I woke up yesterday morning with every intention of writing an update about the boys. I already had the picture above posted and waiting on a few words from me. Things have been busy around here, so waiting lasted longer than I had planned.
Yesterday I sat down at my desk prepared to crank out some thoughts about the awesome Easter we had, as well as the recent weekend I spent alone with the boys while Katie was out of town (I had much appreciated assistance from grandma and grandpa). Believe me, I had plenty of material.
My writing didn’t get very far, though. I fired up my computer. I opened up Yahoo to do my morning scan of the news. And that’s when I saw the headline: Osama Bin Laden was dead.
I am now fully aware that my reaction was inconsistent with those of other readers. I understood the magnitude of the news, but as I read on, I was surprised to discover that people across the country had filled the streets in celebration. I got that response, I guess. It just wasn’t mine.
I couldn’t help but look back up at the picture of our two boys. Two boys celebrating Easter. I couldn’t help but notice their innocence, maybe as clearly as I ever had. It is an innocence that Katie and I foster. It is supported by loving circles of family and church members and teachers and friends. We are raising them to love and appreciate those circles and many beyond. I am the first to recognize that guarantees nothing. It does, however, expose them to far less hate than other children their age.
In lands far away, and in communities very close to home, many children are being raised in homes filled with hatred. They are taught that violence is a tool for that hatred, and they are assigned targets at which to direct it. These targets represent differences in religion and color and size and sometimes just simple opinion. By the time many of these young people become adults, their decisions are almost entirely guided by this hate. Every bit as much as Elliott and Ian’s will hopefully be made in love.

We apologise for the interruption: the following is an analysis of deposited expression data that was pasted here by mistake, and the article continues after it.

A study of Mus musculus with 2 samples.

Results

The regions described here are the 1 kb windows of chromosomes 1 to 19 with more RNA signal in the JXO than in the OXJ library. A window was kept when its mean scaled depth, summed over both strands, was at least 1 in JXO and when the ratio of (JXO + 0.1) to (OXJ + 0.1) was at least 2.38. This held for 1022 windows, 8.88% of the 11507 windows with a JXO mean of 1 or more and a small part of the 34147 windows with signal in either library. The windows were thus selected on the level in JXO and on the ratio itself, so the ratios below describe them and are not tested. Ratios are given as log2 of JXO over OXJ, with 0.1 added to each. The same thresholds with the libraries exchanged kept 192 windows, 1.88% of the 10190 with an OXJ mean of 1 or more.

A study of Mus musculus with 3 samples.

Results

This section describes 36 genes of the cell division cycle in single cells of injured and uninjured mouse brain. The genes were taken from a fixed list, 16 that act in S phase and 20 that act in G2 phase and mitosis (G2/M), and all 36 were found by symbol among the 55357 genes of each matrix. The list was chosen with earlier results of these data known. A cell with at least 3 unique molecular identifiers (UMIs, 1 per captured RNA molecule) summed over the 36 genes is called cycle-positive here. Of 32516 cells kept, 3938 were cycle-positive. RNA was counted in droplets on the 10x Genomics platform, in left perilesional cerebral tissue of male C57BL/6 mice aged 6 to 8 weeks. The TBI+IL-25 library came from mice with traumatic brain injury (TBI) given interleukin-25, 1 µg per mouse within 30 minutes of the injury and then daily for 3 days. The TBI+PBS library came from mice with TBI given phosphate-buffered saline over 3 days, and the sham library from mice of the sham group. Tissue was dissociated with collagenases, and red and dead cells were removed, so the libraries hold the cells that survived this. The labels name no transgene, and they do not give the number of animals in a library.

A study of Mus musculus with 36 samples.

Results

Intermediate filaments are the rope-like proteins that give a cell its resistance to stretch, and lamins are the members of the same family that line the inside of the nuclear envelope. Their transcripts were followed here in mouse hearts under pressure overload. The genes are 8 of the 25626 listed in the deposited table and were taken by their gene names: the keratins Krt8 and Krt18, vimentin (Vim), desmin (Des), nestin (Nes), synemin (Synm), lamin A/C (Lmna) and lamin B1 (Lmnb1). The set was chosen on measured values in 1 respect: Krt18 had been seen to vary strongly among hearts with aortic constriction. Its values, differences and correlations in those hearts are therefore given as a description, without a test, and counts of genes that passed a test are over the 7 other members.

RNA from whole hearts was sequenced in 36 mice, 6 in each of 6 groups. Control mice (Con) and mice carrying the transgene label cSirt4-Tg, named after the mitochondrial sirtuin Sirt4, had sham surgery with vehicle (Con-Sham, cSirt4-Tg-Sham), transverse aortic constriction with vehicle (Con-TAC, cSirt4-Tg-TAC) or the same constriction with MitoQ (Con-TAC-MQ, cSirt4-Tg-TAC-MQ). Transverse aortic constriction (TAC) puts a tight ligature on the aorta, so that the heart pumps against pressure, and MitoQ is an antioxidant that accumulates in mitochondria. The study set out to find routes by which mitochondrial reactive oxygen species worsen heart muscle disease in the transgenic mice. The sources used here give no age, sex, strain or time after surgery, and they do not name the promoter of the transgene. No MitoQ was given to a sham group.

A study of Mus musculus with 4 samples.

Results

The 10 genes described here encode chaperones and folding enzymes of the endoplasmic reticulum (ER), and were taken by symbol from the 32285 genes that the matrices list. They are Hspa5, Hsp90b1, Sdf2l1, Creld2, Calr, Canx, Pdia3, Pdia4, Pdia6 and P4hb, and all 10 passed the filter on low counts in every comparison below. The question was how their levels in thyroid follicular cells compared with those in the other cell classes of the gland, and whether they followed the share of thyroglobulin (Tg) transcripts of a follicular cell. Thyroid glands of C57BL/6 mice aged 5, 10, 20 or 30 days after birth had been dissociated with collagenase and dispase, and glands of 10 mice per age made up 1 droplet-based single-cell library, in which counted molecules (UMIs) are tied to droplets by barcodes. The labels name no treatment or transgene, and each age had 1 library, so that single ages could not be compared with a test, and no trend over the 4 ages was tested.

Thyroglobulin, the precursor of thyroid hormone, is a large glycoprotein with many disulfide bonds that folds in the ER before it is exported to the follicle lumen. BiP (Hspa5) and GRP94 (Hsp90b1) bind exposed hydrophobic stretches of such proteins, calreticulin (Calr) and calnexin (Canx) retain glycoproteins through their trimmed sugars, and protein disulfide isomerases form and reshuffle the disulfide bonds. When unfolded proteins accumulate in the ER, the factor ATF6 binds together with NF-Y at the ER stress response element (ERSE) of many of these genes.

I have worked with many troubled youth. I have come to understand that being raised in hate is far more challenging to overcome than it is to continue the momentum of love that defines many of our childhoods. The more intense the hate, the bigger the challenge. It certainly doesn’t guarantee dire consequences anymore than raising our boys in love assures a happy ending. But it does define the starting point. And I happen to believe that head starts exist in worlds beyond schoolyard foot races.
I had to wonder what kind of starting point Osama Bin Laden had. I have no idea, but I wondered. I believe adults can put us on a path to killing someone as fast as they can put us on one to love that same someone. Even planes and buildings full of someones. It isn’t an excuse. It doesn’t re-classify killing innocent people as anything but evil. It just makes it a little more comprehensible. And maybe just a tad easier to skip celebrating the bullets that shatter one of the many, many faces of evil.
I also had to be thankful for a moment that I was raised in a home where I was taught at a young age that the value of my present and eternal lives are defined by a man who had already been killed, not by a list of those who needed to be.
And finally, I had to take one last look at the picture above and own the responsibility that, as parents, we will ultimately define the contrast Ian and Elliott see between love and hate. I pray it will be quite noticeable.